Salvation Army marches onward to tech unification for Australia


From "nuts" duplication to multi-cloud SaaS.

It might look like a unified front, but from its arrival in Australia over 120 years ago, the Salvation Army had operated as two distinct entities in different parts of Australia, with completely separate IT estates and strategies.

But the times are changing, and these days even Christian soldiers need a bit of network centric consolidation.

So, after a two-year amalgamation process that wrapped up late last year, Craig Tucker, former chief information officer of the 'Southern Territory' and current CIO of the new nation-wide organisation, described the topography he inherited as “nuts” at the recent Dell Technologies Forum in Sydney.

When the merger was first floated, it was billed as a way to do more of the work that mattered and less administrative work, Tucker said.

“We had two separate organisations with two IT departments, two HR departments, two finance departments, payroll duplication, social services, and social programs, not national policy.”

Tucker’s new national IT department inherited three legacy Active Directories, three Lotus Notes email domains, four data centres (three on-prem, one at Telstra), three MPLS networks, around 1000 applications and a lagging cyber security capability.

Shadow IT was also a huge issue, with individual chapters and business units not trusting the head organisation to run things for them, leading to “hundreds of hundreds of sequel databases being spun up all over the place”.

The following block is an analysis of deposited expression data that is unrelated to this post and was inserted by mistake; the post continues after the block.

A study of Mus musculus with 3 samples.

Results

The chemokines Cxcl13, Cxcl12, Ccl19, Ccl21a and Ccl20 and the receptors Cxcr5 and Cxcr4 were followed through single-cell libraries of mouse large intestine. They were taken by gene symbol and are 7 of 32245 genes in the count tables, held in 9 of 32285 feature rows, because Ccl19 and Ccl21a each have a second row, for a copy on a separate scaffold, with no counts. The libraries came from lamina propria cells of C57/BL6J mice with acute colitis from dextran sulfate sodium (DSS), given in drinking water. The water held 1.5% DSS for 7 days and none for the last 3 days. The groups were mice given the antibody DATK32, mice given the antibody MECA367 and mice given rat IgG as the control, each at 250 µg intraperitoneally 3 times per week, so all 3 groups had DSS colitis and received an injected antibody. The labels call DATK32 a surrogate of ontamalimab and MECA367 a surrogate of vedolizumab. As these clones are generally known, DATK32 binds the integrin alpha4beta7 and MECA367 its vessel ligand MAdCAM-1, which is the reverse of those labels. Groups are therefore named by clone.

When he approached Dell Technologies’ Sydney team, the first conversations were around where to start in consolidating the resulting blancmange of hand-me-down solutions.

The Salvos settled on a multi-cloud strategy, including software-as-a-service to replace the legacy infrastructure and data centre network without requiring a significant upfront capital investment.

“So as a consequence, the business went down the path of going to Workday for the HR system for SaaS. We’ve got [Microsoft Office] 365 on the cloud as SaaS, we’ve got ServiceNow, TechnologyOne as the employment system.”

Aside from reduced capital expenditure, Tucker said the biggest advantage of the changes will be more mobility for the organisation’s 10,000 staff.

“The counsellors, social workers or case workers, our army officers - they’re mobile and visiting people.

“Something we’ve just done which they haven’t seen yet, but they’ll see shortly, is we’ve got about 4000 mobile phones in the organisation and we’ve just signed a managed service agreement to take the pain out of IT for customer experience.”

Tucker said organisation is now working on data consolidation following its 13-week migration to Office 365, and is in talks to launch Microsoft Teams, SharePoint and OneDrive.

Dell has also been contracted to build an artificial intelligence-powered chatbot for use on Microsoft Teams to streamline people’s interactions with the IT department.

Tucker added that, if successful, the chatbot has the potential to be introduced into other operational areas to reduce overheads.

As a not-for-profit, reduced overheads and increased profits across the Aged Care, Salvos Stores and Employment Plus business lines will mean more of the money people donate to the organisation can go to service delivery, rather than IT overheads.

“We know that this money is coming from legacies, from people who have left bequests through wills, or from donations, and that we have an obligation to be good stewards of that scarce resource and achieve solid returns on investment.”